Chronic Pain

Pain is a normal protective sensation produced by the brain. When you get injured, the specialised nerves in your body tissue send information to your brain. The brain then considers this information and produces pain so that you can respond and take the right action to remove the injury or threat.

Chronic pain can be severe and interfere with daily functions. One in five Australians suffer from chronic pain, according to the Australian Pain Management Association.

Acute pain usually occurs from an identifiable injury like a bruise or muscle strain.

Chronic Pain is a different story. It can often be traumatic, isolating and misunderstood.

If you live in chronic pain it’s important to know that your nervous system changes, which flows on to affect your thoughts, feelings and movements.

The key is to learn how to manage the pain as effectively as you possibly can – and that’s where an osteopath may help.

Dr Terry Stewart (Osteopath) MScMed (Pain Management)

What’s the difference between acute and chronic pain?

Acute pain usually occurs from an identifiable new injury and as the tissues recover the pain will ease and resolve. This means acute pain has a useful purpose that promotes healing and recovery.

Chronic pain is a different story it does not seem to have any useful purpose. It tends to persist for 3 months or longer and instead of getting less it stays the same or gets worse. One of the major factors that underlie chronic pain is neuroplasticity.

Neuroplasticity: This means the brain and the nervous system can change their structure and function. When an injury is not resolved because of re-injury or continued exacerbation the protective nerves are constantly activated. This continued signalling increases the sensitivity of the nerve pathways and they begin to signal more easily and more often. The brain is now receiving an increased amount of information and thinks the tissues are under threat so it produces pain relative to the level of increased signals. These changes can last for a long time and in some cases can become permanent even after adequate tissue healing time has passed.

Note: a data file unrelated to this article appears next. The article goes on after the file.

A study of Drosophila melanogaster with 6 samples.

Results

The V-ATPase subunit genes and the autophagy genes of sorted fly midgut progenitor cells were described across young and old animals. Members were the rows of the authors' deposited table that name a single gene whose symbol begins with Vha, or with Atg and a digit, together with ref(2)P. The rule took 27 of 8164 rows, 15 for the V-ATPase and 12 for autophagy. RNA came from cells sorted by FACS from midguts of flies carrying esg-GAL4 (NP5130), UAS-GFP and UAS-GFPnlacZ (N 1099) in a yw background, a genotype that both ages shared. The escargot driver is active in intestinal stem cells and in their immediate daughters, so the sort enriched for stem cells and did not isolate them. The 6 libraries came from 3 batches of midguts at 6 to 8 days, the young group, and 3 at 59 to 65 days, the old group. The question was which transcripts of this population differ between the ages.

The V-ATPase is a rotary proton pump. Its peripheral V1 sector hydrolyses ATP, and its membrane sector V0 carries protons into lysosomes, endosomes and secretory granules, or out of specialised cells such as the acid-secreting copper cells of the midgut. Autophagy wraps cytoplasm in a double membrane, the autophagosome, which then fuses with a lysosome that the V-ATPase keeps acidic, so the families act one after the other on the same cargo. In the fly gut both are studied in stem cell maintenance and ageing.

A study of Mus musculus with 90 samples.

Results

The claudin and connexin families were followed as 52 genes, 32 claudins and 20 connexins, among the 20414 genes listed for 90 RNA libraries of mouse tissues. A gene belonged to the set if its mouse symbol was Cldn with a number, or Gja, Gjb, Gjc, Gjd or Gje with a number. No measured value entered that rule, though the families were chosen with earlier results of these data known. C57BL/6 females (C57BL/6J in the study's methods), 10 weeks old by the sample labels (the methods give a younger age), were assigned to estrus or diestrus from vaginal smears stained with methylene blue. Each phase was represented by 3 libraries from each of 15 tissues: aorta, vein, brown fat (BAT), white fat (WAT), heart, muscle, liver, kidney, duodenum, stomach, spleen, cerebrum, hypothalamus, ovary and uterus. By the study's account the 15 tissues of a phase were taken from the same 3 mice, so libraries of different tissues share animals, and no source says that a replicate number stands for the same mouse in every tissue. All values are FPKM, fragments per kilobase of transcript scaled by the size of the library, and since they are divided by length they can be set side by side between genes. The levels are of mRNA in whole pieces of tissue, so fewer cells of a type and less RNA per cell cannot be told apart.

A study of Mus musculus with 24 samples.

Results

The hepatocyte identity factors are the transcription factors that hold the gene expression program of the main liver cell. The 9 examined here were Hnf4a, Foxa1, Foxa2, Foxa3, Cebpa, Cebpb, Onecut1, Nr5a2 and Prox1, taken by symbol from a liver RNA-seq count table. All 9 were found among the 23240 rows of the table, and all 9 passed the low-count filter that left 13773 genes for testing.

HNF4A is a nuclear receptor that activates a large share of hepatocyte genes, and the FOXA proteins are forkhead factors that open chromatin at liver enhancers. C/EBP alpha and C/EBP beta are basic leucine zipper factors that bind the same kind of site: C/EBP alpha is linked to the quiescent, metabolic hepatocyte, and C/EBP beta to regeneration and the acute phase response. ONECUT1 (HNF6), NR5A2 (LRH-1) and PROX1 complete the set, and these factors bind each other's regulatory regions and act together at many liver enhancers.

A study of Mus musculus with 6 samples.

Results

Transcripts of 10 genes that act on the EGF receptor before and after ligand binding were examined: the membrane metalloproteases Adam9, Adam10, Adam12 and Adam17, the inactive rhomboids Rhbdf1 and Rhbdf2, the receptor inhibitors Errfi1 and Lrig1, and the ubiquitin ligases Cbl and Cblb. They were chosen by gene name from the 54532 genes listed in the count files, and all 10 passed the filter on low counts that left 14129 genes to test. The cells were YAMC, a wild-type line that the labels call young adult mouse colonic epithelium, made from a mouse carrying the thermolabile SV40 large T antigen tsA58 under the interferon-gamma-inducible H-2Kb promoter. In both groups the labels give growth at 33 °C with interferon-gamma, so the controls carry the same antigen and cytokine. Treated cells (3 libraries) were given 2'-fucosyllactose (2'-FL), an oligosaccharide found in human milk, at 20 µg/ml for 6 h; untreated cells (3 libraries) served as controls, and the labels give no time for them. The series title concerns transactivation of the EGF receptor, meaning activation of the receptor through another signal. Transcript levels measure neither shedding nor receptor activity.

The increased sensitivity in the brain and nervous system means pain will be experienced on minor movements and last for longer. This often leads to the thought that pain means injury when it is likely caused by an overprotective brain thinking there is a threat to tissues. Because of these thoughts people will begin to fear pain thinking it means injury and do less which reduces the ability to work and engage in fun activities. The flow on here is strength and condition decease; frustration, anger and psychological distress can occur and these factors can have a significant impact on pain intensity.

How can I prevent acute pain from becoming chronic pain?

Everyone is different and sometimes genetics or diseases may play a role in altering the nervous system and these factors might predispose some people to increased chance of chronic pain.

In a lot of cases the need to work and take care of the family put people in a position where we push through pain. This is where re-injury and exacerbation of an injury can occur.

As tough as it may be somehow finding a way to listen to pain and manage everyday activities better needs to be done to allow the injury to recover.

Sometimes treatment from your local Osteopath can help. The Osteopath can also refer you to other allied health professionals such as exercise physiologists to improve strength and conditioning and maybe a psychologist to help with frustration, anger, anxiety, depression and distress that often occurs when trying to live a life with chronic pain.